Green Giant arborvitae (Thuja standishii x plicata) is a fast-growing evergreen tree that can fulfill a number of purposes in yards, parks and landscapes. These tall trees make good windbreaks when planted in a tight formation. Too much or too little water can lead to health problems in the arborvitae.
While Green Giant arborvitaes can tolerate a variety of soil types, these evergreens require evenly moist soil conditions. Although their rapid rate of growth depends on an adequate supply of available water, poor drainage can lead to health problems. The best soil for this type of arborvitae is a loose, well-drained soil. Planting these trees in low areas can cause standing water to damage the roots, while planting them on steep slopes may create a rapid run-off condition that restricts the amount of moisture in the underlying soil.
A healthy Green Giant arborvitae needs slight moisture near the depth of the roots throughout the growing season. The correct amount of supplemental watering depends on your climate and soil conditions. Slightly sandy soils require more frequent watering while heavy, clay soil requires less frequent watering. During dry spells, a weekly, deep watering that provides about 3 inches of water over a period of one to two hours is usually sufficient in medium-textured soils with average to good drainage. Too much water, as well as too little water, can lead to browning of the foliage.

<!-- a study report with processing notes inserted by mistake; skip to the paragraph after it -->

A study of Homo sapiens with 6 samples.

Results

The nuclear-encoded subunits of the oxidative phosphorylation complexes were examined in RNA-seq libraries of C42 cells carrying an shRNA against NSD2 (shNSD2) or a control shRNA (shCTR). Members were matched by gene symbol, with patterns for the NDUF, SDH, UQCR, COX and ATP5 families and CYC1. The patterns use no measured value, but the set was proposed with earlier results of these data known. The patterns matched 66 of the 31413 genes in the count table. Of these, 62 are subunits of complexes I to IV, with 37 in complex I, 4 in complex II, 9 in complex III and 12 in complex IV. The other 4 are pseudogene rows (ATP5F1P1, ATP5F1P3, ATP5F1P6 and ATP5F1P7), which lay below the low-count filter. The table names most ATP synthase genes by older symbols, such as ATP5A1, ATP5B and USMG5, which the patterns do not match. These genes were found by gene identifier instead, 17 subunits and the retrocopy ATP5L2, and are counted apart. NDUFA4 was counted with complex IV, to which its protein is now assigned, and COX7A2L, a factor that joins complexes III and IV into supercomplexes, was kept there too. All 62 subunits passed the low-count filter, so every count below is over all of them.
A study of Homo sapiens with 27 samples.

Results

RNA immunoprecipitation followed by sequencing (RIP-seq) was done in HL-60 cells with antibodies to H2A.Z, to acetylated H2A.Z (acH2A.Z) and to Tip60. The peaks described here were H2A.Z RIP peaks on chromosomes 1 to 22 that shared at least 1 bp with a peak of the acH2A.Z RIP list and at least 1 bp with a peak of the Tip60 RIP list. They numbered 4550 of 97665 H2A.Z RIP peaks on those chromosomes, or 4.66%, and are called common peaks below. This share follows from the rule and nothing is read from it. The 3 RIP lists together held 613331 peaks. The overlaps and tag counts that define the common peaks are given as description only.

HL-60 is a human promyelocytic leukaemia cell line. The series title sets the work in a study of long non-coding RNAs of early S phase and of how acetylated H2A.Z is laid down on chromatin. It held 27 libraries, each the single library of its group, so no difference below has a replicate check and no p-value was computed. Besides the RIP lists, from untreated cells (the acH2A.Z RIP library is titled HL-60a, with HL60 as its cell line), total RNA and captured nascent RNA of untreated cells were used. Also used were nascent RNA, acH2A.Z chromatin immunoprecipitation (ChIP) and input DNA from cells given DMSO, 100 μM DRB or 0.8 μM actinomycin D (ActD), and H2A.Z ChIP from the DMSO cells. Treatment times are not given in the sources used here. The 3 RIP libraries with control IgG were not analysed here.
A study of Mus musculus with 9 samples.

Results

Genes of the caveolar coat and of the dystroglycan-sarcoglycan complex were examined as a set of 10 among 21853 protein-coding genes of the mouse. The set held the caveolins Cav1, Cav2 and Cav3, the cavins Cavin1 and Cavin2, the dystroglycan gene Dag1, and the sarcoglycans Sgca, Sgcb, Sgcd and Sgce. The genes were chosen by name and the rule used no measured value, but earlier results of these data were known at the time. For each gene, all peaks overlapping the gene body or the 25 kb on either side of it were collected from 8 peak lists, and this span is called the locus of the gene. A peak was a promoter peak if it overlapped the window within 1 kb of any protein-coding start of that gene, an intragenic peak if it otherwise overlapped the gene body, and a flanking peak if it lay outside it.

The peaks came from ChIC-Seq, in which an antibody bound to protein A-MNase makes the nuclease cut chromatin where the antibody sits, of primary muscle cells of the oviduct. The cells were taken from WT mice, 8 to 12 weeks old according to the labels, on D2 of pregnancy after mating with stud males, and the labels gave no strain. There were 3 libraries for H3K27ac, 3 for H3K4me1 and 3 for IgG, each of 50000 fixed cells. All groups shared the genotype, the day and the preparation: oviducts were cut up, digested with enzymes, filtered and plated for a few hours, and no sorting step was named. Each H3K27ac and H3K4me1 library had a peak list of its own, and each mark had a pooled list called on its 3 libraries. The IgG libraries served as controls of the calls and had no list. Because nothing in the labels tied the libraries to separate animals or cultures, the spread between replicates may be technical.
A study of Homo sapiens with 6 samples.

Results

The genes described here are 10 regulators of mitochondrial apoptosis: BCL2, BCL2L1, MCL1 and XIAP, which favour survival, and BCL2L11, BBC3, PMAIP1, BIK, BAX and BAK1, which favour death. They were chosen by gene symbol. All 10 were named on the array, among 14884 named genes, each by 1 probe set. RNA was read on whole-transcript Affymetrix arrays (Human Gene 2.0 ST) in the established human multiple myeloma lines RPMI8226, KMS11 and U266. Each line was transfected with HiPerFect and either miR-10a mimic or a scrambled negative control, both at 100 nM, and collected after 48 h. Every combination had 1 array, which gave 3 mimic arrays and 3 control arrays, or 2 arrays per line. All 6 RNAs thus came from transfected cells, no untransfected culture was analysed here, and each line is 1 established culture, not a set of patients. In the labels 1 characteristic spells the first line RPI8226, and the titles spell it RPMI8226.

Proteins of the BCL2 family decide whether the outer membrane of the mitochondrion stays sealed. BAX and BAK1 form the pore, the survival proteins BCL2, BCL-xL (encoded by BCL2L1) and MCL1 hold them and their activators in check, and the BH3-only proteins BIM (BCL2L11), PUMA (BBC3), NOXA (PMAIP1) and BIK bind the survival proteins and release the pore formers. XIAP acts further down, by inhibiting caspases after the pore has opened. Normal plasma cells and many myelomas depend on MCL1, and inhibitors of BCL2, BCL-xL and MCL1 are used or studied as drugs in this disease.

Even dampness near the roots will help a Green Giant arborvitae thrive. The best way to determine the correct amount of water necessary is by digging a small 12-to-18-inch-deep test hole near the outer edge of your tree’s canopy. Checking the soil at the depth of the underlying roots will help you determine how frequently to water your trees. The soil against the roots should feel slightly cool and damp at all times, not dry or soggy.